CNBC has an interesting feature on rethinking the work you do, balancing the possible benefits of change with practicalities.

One of the main concepts articulated by Peter Drucker to me in an interview in 2005 is that by maintaining diverse activities, interests and personal relationships, you have a cushion when life deals you a setback. As I was completing my book, that’s just what happened to me, when I was laid off by USA TODAY in December, after working there for 21 years. Had I not been working on the book, and preparing for its publication this coming August, the setback could have been a lot worse.

Many more of us will be in a similar position in the next couple of years, and job-hunting and resume writing is only part of what’s going to be needed to maintain a sense of self, purpose, mission and goals. Whether or not a new, desirable job is around the corner, some activities may help people in these situations. Among them are personal reinvention, volunteering, tutoring, looking into becoming a social entrepreneur (or working with existing social entrepreneurs) and sharing your talents (such as a lawyer doing pro bono work). One of the things underpinning this is the ability and willingness to engage in regular, honest self-reflection.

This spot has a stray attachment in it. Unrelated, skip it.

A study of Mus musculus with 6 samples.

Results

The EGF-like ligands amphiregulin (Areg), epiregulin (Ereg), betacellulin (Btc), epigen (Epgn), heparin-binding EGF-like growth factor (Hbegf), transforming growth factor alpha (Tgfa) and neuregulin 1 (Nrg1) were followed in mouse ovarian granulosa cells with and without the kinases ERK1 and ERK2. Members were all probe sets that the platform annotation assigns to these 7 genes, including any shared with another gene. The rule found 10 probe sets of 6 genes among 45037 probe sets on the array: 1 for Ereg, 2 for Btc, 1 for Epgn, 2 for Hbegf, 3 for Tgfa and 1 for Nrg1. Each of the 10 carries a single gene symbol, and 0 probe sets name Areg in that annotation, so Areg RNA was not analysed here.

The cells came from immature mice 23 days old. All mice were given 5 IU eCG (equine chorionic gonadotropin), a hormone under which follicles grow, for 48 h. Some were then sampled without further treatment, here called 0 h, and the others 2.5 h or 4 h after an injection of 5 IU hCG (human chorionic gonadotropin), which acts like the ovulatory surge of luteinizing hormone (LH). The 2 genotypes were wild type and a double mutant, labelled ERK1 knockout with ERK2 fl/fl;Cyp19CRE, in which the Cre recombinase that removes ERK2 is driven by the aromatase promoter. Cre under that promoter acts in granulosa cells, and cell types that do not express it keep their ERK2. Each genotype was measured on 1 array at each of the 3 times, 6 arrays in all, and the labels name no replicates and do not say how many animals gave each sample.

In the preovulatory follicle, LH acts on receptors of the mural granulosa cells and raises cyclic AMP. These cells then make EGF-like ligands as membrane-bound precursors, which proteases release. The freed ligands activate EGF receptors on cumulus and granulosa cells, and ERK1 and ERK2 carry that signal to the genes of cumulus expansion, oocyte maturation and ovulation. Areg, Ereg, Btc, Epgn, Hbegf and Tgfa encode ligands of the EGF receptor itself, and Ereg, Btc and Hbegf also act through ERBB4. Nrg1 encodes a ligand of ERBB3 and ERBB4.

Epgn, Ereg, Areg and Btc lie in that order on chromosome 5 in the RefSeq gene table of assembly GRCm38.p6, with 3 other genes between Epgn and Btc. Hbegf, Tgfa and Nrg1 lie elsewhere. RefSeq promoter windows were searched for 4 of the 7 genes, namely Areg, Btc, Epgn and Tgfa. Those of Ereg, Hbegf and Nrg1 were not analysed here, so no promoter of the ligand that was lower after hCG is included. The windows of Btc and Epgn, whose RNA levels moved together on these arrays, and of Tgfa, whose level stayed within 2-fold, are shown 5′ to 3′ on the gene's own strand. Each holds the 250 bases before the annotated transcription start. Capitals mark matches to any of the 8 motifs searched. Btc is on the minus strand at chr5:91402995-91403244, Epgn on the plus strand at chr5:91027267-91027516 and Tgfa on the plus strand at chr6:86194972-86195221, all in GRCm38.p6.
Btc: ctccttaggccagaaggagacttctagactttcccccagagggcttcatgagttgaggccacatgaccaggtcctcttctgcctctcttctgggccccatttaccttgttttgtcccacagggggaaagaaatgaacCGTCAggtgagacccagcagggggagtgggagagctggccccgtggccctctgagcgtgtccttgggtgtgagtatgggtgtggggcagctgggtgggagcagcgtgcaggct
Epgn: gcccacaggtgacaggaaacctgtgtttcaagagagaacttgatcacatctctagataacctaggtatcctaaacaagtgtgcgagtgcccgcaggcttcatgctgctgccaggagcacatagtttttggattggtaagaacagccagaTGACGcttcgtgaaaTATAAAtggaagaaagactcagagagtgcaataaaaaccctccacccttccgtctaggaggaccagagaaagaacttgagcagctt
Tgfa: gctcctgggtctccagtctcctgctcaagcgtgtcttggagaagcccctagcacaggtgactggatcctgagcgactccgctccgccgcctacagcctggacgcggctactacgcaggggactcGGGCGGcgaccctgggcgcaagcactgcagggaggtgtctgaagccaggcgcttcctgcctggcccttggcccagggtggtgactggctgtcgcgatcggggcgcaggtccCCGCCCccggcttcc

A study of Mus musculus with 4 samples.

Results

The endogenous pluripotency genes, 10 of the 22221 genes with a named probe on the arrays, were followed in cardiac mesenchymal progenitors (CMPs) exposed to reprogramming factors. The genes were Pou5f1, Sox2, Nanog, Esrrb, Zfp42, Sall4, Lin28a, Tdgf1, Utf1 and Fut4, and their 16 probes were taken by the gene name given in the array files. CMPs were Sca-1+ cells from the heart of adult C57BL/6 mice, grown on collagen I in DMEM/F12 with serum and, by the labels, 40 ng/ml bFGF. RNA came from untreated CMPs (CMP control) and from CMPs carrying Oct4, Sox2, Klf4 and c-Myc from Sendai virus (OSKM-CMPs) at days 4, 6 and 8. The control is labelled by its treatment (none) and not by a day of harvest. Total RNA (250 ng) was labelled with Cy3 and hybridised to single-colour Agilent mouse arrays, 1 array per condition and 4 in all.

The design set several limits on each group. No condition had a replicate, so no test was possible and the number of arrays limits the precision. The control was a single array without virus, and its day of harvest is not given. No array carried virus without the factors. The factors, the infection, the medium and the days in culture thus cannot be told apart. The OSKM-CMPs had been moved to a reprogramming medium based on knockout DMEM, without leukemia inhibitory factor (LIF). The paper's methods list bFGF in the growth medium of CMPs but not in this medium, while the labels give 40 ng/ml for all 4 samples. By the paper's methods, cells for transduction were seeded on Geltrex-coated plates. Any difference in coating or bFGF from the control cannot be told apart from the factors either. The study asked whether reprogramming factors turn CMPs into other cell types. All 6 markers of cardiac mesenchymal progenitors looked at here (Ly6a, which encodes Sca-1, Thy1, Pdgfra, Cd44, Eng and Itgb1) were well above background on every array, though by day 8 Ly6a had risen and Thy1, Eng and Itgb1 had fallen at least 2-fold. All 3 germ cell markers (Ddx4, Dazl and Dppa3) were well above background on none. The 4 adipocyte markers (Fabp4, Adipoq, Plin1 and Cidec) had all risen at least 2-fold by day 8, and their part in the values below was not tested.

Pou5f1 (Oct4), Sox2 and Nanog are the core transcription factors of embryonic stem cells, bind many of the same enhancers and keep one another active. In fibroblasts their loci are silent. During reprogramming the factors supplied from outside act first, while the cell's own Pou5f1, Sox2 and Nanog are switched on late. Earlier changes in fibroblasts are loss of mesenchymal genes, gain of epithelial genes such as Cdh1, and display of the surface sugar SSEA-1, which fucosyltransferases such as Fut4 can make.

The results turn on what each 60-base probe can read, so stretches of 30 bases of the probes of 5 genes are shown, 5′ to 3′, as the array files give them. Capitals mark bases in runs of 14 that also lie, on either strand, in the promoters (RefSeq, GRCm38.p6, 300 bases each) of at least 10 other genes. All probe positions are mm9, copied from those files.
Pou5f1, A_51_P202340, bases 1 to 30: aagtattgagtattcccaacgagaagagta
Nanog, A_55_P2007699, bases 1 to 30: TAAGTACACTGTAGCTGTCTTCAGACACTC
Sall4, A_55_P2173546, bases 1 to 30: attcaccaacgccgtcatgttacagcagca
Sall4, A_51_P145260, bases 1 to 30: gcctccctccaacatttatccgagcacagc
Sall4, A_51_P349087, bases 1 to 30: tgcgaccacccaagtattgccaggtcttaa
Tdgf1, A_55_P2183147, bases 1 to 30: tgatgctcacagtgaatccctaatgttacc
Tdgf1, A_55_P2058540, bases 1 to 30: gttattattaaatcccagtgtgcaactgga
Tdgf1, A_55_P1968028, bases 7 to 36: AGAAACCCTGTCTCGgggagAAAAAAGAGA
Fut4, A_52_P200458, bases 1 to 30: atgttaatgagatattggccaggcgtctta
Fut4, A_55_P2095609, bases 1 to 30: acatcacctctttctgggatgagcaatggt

Many religious institutions need volunteers, especially in teaching, and you don’t have to be an experienced teacher to qualify. Another area in the book discusses parallel careers, which in my case, for the past 13 years, has been teaching. It’s been another lifesaver for me. What can you offer to the world, whether or not you have a fulltime job? Can you help other people who are in the same situation? One of the things I learned from Drucker is that you should focus on what you can do, rather than what you can’t do. This is important as we try to maintain a sense of self-respect, self-esteem and personal/professional identity. And it’s not easy; I still tend to refer to USA TODAY in conversation as “We…” Not many people have 100% job security. What may be required of all of us is to rethink our lives to reimagine what is possible, inside and outside of the work world. How many worlds are you living in, and how many more could you enter?